Dinaw Mengestu's "How to Read the Air" opens audaciously — the unnamed narrator writes of his parents with impossible intimacy. He knows what his mother thinks as she stands before a mirror a year before he is born, what she hears in the middle of the night, what she feels when his father's breath touches her neck. This is, of course, the project of fiction — the full imagining, the stretch of empathy — but it is notable that this story is not simply told, but told by her son.
That son, Jonas, is 30, trying to understand his own failed marriage through the lens of his parents'. He follows the path of a road trip they took through America's heartland as recent African immigrants; his story and theirs alternate chapters. Always, though, it is clear that Jonas is doing the telling.
"This is how I like to picture him, whether it's accurate or not," he imagines his father. "A man standing underneath, or perhaps even across from, a row of trees in search of a home on a summer night. If he was ever happy here, and I doubt he was, it would have been on that evening, which I've only just now invented for him.... Regardless, history sometimes deserves a little revision, if not for the sake of the dead then at least for ourselves."
This inclination toward revision is both a habit and a vocation. After college, Jonas slides into a job at a Manhattan refugee center. He reads applications for asylum, and with a nod from his supervisor, juices up immigrants' stories. In his hands, a family's departure from Liberia to Dubai via business class turns into weeks in a church, hiding from soldiers. A brick thrown through a window becomes a house burned to the ground. What the agency and clients need are the stories that the people with power to grant them immigration want to hear.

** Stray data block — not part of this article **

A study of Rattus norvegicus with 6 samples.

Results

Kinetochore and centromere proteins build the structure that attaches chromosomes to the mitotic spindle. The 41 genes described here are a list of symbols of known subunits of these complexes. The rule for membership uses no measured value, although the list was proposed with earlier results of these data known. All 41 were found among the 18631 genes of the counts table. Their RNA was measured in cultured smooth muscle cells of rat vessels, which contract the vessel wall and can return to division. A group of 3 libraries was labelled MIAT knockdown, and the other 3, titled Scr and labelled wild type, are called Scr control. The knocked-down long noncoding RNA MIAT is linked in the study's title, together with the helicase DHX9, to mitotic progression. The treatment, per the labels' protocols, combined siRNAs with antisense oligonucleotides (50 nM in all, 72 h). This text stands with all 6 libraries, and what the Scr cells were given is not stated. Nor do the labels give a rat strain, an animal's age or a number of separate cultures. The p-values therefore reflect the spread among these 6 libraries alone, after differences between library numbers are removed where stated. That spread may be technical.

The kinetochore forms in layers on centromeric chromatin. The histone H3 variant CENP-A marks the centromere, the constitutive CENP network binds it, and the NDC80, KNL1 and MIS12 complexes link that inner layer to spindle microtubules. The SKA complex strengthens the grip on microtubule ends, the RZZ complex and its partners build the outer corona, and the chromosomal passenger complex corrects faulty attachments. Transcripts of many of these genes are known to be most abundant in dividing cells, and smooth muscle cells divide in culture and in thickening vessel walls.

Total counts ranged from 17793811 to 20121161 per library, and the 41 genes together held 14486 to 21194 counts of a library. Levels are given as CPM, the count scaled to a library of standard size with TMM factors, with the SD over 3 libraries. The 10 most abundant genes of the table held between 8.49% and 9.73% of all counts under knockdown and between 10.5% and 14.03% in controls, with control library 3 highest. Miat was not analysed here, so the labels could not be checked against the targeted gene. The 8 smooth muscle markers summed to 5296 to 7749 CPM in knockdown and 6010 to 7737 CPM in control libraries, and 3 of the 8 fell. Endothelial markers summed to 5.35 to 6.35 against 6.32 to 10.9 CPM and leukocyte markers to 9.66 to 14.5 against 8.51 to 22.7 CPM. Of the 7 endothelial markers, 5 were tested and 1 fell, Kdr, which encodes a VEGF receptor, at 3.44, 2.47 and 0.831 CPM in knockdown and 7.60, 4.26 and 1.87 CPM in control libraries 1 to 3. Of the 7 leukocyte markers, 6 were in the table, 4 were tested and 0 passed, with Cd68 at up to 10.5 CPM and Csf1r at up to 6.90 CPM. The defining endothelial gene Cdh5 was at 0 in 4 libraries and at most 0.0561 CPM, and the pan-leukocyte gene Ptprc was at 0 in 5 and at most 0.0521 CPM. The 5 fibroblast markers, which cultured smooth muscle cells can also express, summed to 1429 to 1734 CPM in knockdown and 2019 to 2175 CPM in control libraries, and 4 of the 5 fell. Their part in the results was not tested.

This grates against Angela, a young attorney volunteering at the center. Nevertheless, she and Jonas soon fall in love. Their relationship is filled with a tenderness neither had growing up and they create a private world. They selected their own cafe, their own bench and share cute private jokes. Sometimes, like any couple, they make up stories together, grand and silly imaginings about their life together.
This life begins to wither after Jonas loses his job. Through her connections at her firm, Angela helps get him a new one, teaching English at a private school. Yet her practical concerns — money, moving forward — clash with his, which are more dreamy and existential. Where they once shared stories, they now have unhappy silences.
Still, they're doing better than his parents, whose relationship's toxicity is revealed the more Jonas recalls. His father brutalized his mother; she was trapped, unemotional. She longs for escape; it takes years. For Jonas, any revision that gives them inner lives, that opens up their own strange logic and inflicted fears, is an act of grace.
"As soon as my father said the last two words of that sentence, he felt the abrupt and dramatic shift in the air that precedes any violent confrontation. Something vibrated, buzzed." Jonas imagines. "The world around us is alive, he would have said, with our emotions and thoughts, and the space between any two people contains them all." This is an elegant doubling, the father coming alive on the page, redeemed in a way by words the son gives him.
This is exactly what happens late in the novel, when Jonas tells his students of his father's emigration from Africa to America. Jonas takes over whole classes (and Mengestu fills pages of the novel) with the story. It is compelling, filled with brilliant detail: a desert journey in the back of a truck, hiding under a blue tarp; a dusty port town; a friend, a betrayal, the terrifying shape of the journey across the sea. Of course, it is as invented as anything Jonas came up with for his asylum seekers.
In crafting this richly imagined scene for his father, Jonas is filling his students' expectations, and Mengestu is slyly pointing out what readers seem to crave of immigrant narratives. Like the immigration officials, readers want drama and arc; reviewers praise exotic street scenes and tenuous escapes, overlooking the fighting couple pulling off an Illinois highway.
Dinaw Mengestu was born in Addis Abba, Ethiopia, and immigrated two years later to Illinois with his mother, where his father waited for them. His first novel, "The Beautiful Things That Heaven Bears," won the Los Angeles Times Art Seidenbaum Award for first fiction in 2008. Our reviewer, Chris Abani (a UC Riverside professor from Nigeria) wrote that Mengestu "made, and made well, a novel that is a retelling of the immigrant experience, one in which immigrants must come to terms with the past."
Now Mengestu, 32, who lives with his wife in Paris, is creating more than a sweeping portrait of the immigrant experience. He's pulled off a narrative sleight of hand, weaving two — or is it three? — beautiful fictions, while reminding us subtly that the most seductive may be the least true.